I have been playing a lot of Medieval Dynasty of late (50hrs+ according to Steam), and its a very interesting game cloaked in the very familiar trappings of a builder/survival sim set in about as generic a medieval setting as you can make (and I say that as a big positive for the game).
Let’s start with those basics. This is a single-player game where you play a peasant who has recently arrived in this area (the map), and must build a home and eventually community/village. The map is big and features a number of NPC towns, with those different towns having different vendors who sell/buy things, NPCs with small quests/tasks, traveling NPCs who you can eventually recruit, plus NPCs who just live in that village. Between towns there are forests and mountains and streams, all with resources you can collect to build stuff.
Building stuff is the core gameplay loop here, first for basic tools (axe to cut tree, spear to hunt animals, etc), and then buildings such as your home, crafting stations, storage, etc. Think of that part of the game as a city sim, only instead of god-view you are in control of just one builder. It works really well here, and seeing your town grow as you progress feels really rewarding.
The game has a nice seasons model, with the default setting being 3 in-game days per season. Each season looks visually different on the map (snow in winter, spring plants growing, fall leaves, etc), and has gameplay impact as well, mostly around what crops you can plant, grow, or harvest.
Once you have a settlement going, you spend most of your time progressing it further. Sometimes that’s crafting tools for your workers, or going out to collect materials yourself, or building a new building. It can also mean visiting different NPC towns to buy new seeds or livestock, or selling what you produce. You will also want to complete various quests for more dynasty points (reputation basically) or some nice higher-tier tool rewards. There is always something to do. In fact, there is almost always too much to do, and assigning your villagers to tasks helps spread this out. This can include resource gathering, tending to crops, or crafting tools for others to use.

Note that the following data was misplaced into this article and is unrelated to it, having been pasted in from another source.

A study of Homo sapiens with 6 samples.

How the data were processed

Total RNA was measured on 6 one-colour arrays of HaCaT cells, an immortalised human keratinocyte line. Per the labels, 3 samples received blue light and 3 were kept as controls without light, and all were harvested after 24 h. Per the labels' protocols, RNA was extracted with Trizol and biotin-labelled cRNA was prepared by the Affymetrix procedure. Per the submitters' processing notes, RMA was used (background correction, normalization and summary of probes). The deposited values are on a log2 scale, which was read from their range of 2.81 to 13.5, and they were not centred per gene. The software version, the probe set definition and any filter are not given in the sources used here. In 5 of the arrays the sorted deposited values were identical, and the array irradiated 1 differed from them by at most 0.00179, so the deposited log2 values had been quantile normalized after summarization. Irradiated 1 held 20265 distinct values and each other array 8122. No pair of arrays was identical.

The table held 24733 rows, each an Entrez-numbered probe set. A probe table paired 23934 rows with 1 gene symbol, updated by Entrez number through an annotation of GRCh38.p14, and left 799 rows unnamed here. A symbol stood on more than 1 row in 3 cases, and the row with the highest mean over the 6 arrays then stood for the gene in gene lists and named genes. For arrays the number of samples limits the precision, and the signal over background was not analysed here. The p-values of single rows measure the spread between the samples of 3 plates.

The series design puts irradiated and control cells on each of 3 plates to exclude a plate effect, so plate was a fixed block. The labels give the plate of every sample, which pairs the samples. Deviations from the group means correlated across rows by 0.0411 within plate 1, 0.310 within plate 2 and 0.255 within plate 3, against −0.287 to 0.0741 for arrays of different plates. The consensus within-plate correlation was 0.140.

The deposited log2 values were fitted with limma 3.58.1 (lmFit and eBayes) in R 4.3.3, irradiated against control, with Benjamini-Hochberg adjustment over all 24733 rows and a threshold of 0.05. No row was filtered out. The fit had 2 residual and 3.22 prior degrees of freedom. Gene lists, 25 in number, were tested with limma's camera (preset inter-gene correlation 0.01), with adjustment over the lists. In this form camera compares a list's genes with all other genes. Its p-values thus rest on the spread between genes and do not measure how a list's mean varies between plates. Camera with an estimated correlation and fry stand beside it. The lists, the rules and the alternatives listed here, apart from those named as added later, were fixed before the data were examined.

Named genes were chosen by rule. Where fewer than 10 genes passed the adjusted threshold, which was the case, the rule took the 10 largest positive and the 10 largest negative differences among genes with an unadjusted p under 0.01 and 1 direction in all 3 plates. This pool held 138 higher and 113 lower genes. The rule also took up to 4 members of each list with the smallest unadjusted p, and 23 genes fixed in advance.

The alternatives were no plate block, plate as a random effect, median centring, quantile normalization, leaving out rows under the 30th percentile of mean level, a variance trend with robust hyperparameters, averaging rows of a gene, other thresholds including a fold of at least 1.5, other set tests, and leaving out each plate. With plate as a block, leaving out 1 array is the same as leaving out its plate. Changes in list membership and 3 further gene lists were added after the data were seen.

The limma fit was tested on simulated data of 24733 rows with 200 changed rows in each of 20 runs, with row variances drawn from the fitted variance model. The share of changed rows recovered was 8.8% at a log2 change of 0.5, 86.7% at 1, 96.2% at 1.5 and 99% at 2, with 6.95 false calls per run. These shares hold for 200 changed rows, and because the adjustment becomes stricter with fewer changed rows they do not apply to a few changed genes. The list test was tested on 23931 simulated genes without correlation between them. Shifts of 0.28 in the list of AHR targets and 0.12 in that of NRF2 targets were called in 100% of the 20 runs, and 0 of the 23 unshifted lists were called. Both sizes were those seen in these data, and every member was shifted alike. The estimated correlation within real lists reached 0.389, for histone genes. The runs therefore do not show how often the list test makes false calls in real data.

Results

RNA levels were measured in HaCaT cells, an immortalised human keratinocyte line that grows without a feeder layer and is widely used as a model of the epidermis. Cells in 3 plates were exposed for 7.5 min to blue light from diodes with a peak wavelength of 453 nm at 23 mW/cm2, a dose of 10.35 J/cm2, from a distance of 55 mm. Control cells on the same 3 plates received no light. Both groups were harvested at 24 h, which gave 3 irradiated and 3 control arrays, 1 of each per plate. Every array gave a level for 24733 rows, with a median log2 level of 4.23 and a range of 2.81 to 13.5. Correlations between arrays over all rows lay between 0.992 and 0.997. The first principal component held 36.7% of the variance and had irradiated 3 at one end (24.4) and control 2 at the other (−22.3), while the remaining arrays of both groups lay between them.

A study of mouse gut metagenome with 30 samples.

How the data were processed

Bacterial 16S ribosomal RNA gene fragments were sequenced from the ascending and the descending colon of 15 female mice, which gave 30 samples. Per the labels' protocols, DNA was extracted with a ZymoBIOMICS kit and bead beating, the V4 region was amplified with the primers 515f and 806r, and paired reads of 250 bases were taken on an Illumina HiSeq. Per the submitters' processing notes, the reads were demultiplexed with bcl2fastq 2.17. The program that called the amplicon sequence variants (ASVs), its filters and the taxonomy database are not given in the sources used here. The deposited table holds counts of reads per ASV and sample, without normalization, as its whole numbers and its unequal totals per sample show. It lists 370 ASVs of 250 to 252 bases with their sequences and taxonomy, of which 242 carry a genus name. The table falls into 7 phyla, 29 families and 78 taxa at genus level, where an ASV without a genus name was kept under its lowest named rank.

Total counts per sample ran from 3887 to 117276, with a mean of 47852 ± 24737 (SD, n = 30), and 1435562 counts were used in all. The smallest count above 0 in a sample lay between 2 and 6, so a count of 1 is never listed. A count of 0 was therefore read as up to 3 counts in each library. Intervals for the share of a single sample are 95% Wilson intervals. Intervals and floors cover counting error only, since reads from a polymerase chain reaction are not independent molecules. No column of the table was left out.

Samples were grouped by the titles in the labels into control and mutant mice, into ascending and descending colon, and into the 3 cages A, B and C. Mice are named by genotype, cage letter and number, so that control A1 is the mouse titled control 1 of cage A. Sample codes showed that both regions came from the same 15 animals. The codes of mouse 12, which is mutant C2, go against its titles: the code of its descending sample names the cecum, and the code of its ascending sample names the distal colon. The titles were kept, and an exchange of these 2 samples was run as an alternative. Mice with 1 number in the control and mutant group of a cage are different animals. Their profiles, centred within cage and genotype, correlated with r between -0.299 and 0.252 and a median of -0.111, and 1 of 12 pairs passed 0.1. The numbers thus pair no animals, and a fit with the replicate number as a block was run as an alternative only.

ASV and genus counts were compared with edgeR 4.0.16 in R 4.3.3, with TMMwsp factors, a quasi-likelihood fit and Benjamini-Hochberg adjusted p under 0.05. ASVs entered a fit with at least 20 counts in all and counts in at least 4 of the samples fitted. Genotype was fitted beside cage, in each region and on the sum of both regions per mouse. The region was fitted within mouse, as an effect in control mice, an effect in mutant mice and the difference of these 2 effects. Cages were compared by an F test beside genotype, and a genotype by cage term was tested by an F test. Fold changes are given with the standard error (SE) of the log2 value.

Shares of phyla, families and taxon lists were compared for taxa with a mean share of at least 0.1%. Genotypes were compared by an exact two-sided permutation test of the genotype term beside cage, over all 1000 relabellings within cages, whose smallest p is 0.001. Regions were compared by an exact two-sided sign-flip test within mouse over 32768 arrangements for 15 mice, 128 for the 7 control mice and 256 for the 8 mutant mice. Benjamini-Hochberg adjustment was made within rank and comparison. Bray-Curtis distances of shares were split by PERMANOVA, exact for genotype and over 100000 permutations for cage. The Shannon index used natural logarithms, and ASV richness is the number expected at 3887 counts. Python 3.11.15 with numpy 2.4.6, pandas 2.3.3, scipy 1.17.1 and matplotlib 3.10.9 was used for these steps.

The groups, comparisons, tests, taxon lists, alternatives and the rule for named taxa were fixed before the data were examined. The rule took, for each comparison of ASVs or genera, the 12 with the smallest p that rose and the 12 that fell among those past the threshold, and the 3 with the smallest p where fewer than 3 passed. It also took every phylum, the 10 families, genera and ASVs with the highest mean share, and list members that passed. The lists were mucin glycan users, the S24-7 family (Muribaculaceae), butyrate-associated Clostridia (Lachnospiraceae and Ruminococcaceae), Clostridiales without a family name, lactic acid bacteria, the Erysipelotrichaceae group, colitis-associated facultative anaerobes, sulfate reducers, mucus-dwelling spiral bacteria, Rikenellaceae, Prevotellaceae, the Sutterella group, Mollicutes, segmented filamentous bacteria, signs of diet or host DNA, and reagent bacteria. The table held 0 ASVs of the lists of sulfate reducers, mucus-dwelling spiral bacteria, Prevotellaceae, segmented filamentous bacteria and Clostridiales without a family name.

Setting up these supply chains is another fun aspect of the game, as you want villagers to help you out, but you must also house and feed them, which itself is a resource drain and requires some attention. That said once you have a dozen or so villagers, seeing them go about their tasks is really fun, as is seeing their skills progress and their work unlocking more technology (new buildings, new crafts). Your own character also has progression, and as you do things (gather, craft, quest), you get XP in those areas to unlock perk points.
What makes Dynasty really enjoyable for me however, beyond the basic setup, is that the balance and pacing is really solid. The game is never ‘hard’ in that you lose, but its easy to spot areas where you can do things more efficiently, and working out those efficiencies is rewarded with more time to do other things. It also nails the ‘feel’ of things like chopping down a tree, or hunting an animal, or building your town. The UI and how it communicates some information isn’t perfect, but once you are comfortable with it none of it feels painful or gets in the way of enjoying the game. Its also a very easy game to play for 30 minutes and gets some work down around your village, or for longer sessions where you play multiple days and see things really progress.
The game is ending Early Access soon, but in its current version I haven’t experienced any bugs or issues. As the price is increasing with the 1.0 version, if this at all interests you I’d suggest grabbing it now.